Last month, a public inquiry led by Justice Richard LeBlanc of the Newfoundland and Labrador Supreme Court heard from the last of its witnesses in an attempt to get to the bottom of how the province ended up with the biggest white elephant in its, and possibly Canada’s, history.
As Newfoundlanders await Justice LeBlanc’s final report on the debacle, there has been no end to the finger-pointing as Canada’s most-indebted province contemplates a future mortgaged by the $12.7-billion Muskrat Falls hydroelectric dam, now nearing completion. But ascribing blame for the disastrous 824-megawatt project will do nothing to alleviate the financial burden current and future generations of Newfoundlanders face as the turbines start to spin.
The main problem now facing the Newfoundland government is how to pay for Muskrat Falls without saddling residents and businesses with punishingly high electricity rates that would strangle the provincial economy. It doesn’t have a lot of options.
In July, Moody’s Investors Service lowered Newfoundland’s credit rating to A1, the lowest of any Canadian province, noting that “rate mitigation efforts, proposed by the province to ensure hydro rates remain relatively affordable despite the high cost of Muskrat Falls, may require direct provincial support.” In other words, the government may need to run bigger deficits and go even deeper into debt to subsidize electricity rates.
Liberal Premier Dwight Ball is, hence, stepping up pressure on Prime Minister Justin Trudeau’s government to come to the rescue. Ottawa has already provided loan guarantees on $7.9-billion in bonds issued by the provincial entity that owns Muskrat Falls. Former Conservative prime minister Stephen Harper provided an initial $5-billion loan guarantee that was topped up by Mr. Trudeau in 2016. Now, Newfoundland is looking for annual “rate mitigation” payments starting at $200-million from Ottawa, or billions of dollars over several decades.
In April, Mr. Ball’s government extracted a commitment from Ottawa “to further engage with Newfoundland and Labrador to expeditiously examine the financial structure of the Muskrat Falls Project, so that the province can achieve rate mitigation.” Since then, Finance Minister Bill Morneau has met at least twice with Mr. Ball to discuss the issue, including a meeting on Tuesday after which the two men pledged to “work together to ensure progress toward the province stabilizing electricity rates” for consumers.
The $200-million question facing Newfoundlanders in the federal election is whether the Trudeau government is just stringing them along with vague promises of helping out on electricity rates or whether it can be counted on to pay up after they go to the polls. The Liberals won all seven federal seats in the province in 2015 and hope to hold on to them this year.
Mr. Ball’s government hopes to partially offset electricity rates by closing the Holyrood thermal generating plant, exporting surplus power from Muskrat Falls and implementing a host of energy efficiency measures. But it has likely overestimated the revenues from such initiatives, and could end up needing even more from Ottawa than its initial $200-million annual ask.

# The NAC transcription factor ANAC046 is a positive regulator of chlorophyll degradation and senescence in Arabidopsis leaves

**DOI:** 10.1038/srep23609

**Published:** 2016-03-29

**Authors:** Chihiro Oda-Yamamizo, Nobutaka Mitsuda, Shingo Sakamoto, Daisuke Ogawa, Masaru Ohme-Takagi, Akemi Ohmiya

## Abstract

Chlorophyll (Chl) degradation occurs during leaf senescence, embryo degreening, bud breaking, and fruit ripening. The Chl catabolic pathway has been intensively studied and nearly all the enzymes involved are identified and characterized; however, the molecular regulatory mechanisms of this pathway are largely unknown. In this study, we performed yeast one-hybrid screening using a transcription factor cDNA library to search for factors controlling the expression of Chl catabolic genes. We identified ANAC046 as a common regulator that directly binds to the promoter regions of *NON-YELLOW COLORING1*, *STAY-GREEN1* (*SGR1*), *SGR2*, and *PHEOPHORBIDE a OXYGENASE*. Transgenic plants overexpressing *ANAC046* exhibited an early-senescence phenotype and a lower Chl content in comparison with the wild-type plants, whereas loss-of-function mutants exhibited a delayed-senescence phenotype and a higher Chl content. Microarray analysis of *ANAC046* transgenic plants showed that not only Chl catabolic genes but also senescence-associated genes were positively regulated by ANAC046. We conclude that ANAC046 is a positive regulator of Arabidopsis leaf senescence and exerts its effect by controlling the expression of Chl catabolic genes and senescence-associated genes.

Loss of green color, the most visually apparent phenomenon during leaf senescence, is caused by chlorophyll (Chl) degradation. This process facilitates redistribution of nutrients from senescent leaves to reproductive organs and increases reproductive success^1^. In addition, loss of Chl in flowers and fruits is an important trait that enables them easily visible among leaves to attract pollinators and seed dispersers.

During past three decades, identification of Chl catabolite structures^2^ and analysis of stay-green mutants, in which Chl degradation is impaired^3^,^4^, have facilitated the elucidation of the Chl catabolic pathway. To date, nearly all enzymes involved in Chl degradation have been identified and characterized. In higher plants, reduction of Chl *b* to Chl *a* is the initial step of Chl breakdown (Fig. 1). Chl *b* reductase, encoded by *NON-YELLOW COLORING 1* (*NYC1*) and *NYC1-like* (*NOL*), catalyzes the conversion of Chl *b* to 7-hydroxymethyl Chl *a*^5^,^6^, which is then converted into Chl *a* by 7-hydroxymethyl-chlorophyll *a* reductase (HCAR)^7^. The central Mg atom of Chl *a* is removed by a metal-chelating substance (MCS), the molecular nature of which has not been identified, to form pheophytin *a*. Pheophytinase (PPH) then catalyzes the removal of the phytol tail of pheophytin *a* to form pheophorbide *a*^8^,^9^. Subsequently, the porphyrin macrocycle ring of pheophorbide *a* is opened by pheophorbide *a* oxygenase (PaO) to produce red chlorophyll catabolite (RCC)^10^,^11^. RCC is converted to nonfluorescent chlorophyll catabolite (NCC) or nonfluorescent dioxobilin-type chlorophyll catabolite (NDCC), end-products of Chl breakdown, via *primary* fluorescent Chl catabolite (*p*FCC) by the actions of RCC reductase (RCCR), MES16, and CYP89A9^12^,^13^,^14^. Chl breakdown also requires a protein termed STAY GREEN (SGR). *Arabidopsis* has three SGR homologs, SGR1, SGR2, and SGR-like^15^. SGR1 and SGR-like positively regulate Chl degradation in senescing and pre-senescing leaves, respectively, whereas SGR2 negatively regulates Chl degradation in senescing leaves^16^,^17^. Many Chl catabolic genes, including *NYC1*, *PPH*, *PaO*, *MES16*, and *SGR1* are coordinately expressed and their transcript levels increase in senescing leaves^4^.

Indeed, the underwater transmission line that would allow Newfoundland to export power from Labrador to the island and onto Nova Scotia (through a separate undersea line now under construction) is even further behind schedule than the Muskrat Falls generating station itself.
Until the new line is fully operational, Newfoundland will need to transport Muskrat Falls power through Quebec to reach export markets. That is likely to stick in the craw of Newfoundlanders, many of whom saw Muskrat Falls as a form of revenge on Quebec for a one-sided 1969 contract under which Hydro-Québec buys power from the much bigger Churchill Falls generating station in Labrador at a fraction of its market value.
Indeed, all those promises that Muskrat Falls, situated on the Lower Churchill River in Labrador, would enrich the province now seem like a cruel joke. Former Progressive Conservative premier Danny Williams originally championed Muskrat Falls, saying: “I’d put my own money into this project if I could because I think it’s just a great investment for the people.” His successor, Kathy Dunderdale, whose government gave Muskrat Falls the official go-ahead in 2012, insisted it would “bring lasting benefits to the people of Newfoundland and Labrador.”
Instead, the project’s capital costs have more than doubled from the $6.2-billion initially estimated. It has been plagued by construction delays and opposition from Indigenous groups, who fear methyl-mercury contamination to their food chain from the flooding of the Muskrat Falls reservoir. The public inquiry heard that Mr. Ball’s government missed a deadline in 2018, preventing it from proceeding with a plan to mitigate methyl-mercury contamination risk through a process known as capping. The flooding began without it.
There is no way to positively spin the Muskrat Falls disaster. The only question now is whether Ottawa will step up to ease Newfoundland’s pain or leave it in the lurch.